Discover the Windiest Place on the Planet
The windiest place on planet Earth isn’t somewhere that you’ll likely end up unless you’re moonlighting as a daring Antarctic adventurer or climate scientist. This is because the windiest place in the world is Commonwealth Bay in Antarctica, which holds several world records in relation to the frequency and strength of its constant winds.
Commonwealth Bay is approximately 30 miles wide at its entrance and was discovered in 1912 by an Australian explorer named Douglas Mawson. This explorer chartered a famously disastrous expedition in this region of Antarctica which we’ll explore later.
Commonwealth Bay is a rather inhospitable place, but this hasn’t stopped some wildlife from making it home. The bay hosts a massive penguin population, and other creatures like whales and leopard seals live in its waters.
Where Is Commonwealth Bay Exactly?
Commonwealth Bay lies in a region of Antarctica that is part of Australia’s territorial claim on the Southern continent.
Commonwealth Bay is along the George V Coast, which is a section of Antarctica that is along the eastern edge of the continent. This coast contains some notable glaciers for the region, including the Mertz Glacier and the Ninnis Glacier. These two glaciers form a region known as the Mertz-Ninnis Valley.
The East Antarctic is even colder and more inhospitable than the West Antarctic. The East Antarctic is covered with permanent snow and ice.
Commonwealth Bay’s constant windiness, and the ferocity of said winds, owe much to a phenomenon known as Katabatic Winds.
Katabatic Winds are winds comprised of high-density air getting sucked down a slope by gravity. As such, they mostly occur on the sides of canyons and mountain slopes. Katabatic Winds are often mild, but can also move with the force of Hurricanes.
Commonwealth Bay has many sharp ice sheets and mountains that juxtapose fiercely with the low-lying glacial plains that lie at sea level. High-density cold air over the flat ice sheets of the continent regularly builds up enormous amounts of gravitational force. The resulting winds in this part of Antarctica regularly reach speeds of over 180 mph.
These Katabatic winds are so fierce in Antarctica that they sometimes blow the thick layers of ice and snow away from the earth that they cover, resulting in patches of bare land that scientists call “Antarctic Oases.” The entire surface of Antarctica is affected heavily by these winds.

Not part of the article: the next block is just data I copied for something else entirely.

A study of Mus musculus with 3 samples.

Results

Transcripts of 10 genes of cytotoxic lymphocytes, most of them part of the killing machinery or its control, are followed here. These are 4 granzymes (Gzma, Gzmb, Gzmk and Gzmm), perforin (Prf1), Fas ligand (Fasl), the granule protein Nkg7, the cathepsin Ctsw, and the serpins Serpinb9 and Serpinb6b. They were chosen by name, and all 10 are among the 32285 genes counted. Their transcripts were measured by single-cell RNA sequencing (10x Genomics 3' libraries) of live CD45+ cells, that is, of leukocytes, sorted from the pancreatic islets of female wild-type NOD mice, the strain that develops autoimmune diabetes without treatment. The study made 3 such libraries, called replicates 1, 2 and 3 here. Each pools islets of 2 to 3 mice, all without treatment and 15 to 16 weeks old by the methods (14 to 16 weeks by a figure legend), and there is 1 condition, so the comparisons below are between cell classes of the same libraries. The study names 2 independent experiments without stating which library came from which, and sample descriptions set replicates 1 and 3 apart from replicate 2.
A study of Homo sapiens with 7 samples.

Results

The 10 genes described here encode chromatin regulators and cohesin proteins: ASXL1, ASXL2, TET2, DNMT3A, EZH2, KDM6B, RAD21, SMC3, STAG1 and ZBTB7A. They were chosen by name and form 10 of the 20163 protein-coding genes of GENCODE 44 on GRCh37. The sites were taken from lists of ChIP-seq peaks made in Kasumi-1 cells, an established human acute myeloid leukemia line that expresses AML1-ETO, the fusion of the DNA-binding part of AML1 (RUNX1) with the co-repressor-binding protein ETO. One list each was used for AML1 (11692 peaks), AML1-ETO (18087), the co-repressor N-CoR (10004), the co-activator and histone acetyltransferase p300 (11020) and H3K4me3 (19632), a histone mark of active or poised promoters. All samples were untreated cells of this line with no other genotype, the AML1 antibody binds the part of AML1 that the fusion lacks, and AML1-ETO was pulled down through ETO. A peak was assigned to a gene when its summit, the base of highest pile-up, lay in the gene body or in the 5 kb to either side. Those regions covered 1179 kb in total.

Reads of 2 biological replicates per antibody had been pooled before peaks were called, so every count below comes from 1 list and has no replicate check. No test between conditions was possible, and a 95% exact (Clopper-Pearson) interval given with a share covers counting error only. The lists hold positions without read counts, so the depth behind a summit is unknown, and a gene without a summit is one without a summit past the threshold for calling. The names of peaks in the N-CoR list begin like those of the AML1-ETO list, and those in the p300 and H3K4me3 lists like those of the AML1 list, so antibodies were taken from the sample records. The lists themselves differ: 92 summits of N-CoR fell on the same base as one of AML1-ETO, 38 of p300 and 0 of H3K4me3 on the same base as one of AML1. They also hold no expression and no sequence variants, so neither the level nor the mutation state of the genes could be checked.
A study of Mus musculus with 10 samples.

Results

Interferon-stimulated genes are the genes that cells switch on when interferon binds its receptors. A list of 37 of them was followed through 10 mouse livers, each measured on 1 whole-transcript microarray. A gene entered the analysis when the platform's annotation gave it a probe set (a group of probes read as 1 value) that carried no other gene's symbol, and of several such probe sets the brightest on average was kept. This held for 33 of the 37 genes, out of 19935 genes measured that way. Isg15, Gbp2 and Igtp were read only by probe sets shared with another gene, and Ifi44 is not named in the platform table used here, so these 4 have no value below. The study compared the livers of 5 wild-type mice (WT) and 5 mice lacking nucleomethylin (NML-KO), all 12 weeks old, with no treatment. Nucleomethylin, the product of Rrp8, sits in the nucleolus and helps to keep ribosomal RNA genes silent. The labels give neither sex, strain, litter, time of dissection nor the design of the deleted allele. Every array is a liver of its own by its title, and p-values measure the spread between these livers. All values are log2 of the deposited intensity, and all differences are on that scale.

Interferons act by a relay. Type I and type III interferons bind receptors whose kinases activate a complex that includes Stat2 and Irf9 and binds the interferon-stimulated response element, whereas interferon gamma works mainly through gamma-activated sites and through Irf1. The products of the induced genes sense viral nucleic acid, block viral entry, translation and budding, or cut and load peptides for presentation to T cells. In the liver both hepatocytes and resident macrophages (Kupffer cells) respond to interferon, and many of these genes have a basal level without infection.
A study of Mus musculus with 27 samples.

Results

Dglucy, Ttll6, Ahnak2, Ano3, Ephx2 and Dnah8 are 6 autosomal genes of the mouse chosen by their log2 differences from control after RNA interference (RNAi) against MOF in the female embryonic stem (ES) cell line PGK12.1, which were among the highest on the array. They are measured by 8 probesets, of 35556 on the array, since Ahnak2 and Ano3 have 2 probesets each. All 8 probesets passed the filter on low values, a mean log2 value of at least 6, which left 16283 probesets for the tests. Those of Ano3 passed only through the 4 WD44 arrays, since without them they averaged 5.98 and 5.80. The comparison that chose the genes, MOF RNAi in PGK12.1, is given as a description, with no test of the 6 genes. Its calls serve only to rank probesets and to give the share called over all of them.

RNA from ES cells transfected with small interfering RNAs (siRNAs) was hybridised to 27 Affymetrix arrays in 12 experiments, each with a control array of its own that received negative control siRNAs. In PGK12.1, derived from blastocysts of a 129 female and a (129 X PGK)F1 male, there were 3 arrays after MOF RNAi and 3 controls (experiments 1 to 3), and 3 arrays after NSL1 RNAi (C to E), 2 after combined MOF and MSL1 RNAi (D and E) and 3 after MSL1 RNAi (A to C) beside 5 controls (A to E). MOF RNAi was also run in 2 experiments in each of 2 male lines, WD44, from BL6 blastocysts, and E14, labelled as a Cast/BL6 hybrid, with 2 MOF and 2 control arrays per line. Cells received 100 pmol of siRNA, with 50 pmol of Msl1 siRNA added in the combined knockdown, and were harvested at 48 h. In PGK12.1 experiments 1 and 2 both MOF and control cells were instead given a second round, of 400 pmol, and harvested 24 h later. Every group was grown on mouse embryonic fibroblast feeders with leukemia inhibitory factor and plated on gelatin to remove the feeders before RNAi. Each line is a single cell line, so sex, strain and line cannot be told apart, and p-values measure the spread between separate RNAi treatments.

In Commonwealth Bay, the winds are prevalent and strong enough that they create a number of interesting companion weather phenomena. One can bear witness to swirling whirlpools and rapidly changing cloud formations in Commonwealth Bay. These phenomena shift and change at rapid speeds in this extreme weather place.
What Wildlife Lives in Commonwealth Bay?
Despite the fact that the weather in Commonwealth Bay is so extreme and intense, there are several wildlife species that manage to eke out a living in this part of the world.
The bay used to be home to an enormous colony of Adelie Penguins, who became stranded there in 2011 due to shifts in the volatile ice fields of this part of Antarctica. At its peak, the colony numbered about 160,000 individuals. Unfortunately, most of these penguins perished under the harsh conditions of Commonwealth Bay in the ensuing years. Other animals that can glimpsed in Commonwealth Bay include Antarctic Petrels, Emperor Penguins and Leopard Seals.
Douglas Mawson’s Expedition
Commonwealth Bay was first discovered by an Australian explorer by the name of Douglas Mawson. Unfortunately for Mawson, his expedition was famously arduous, even by the extreme standards of early Antarctic exploration.
Mawson ventured into the heart of the icy continent in order to chart previously unseen quarters of the continent. His expedition lasted three years, and during that time, he and his team performed many firsts on the frozen continent, including being the first to reach the South Pole.
Making out of the ice would prove more difficult than the expedition forward. Two of Mawson’s colleagues would die, one from falling into a crevasse, and another from exposure and maltrunition.
Mawson himself would make the solo trek to the shores of the Antarctic only to miss the ship sent to fetch him. He then spent an extra year at Cape Denison waiting for additional aid. However, upon returning to Australia, Mawson was garlanded by many scientific and societal honors.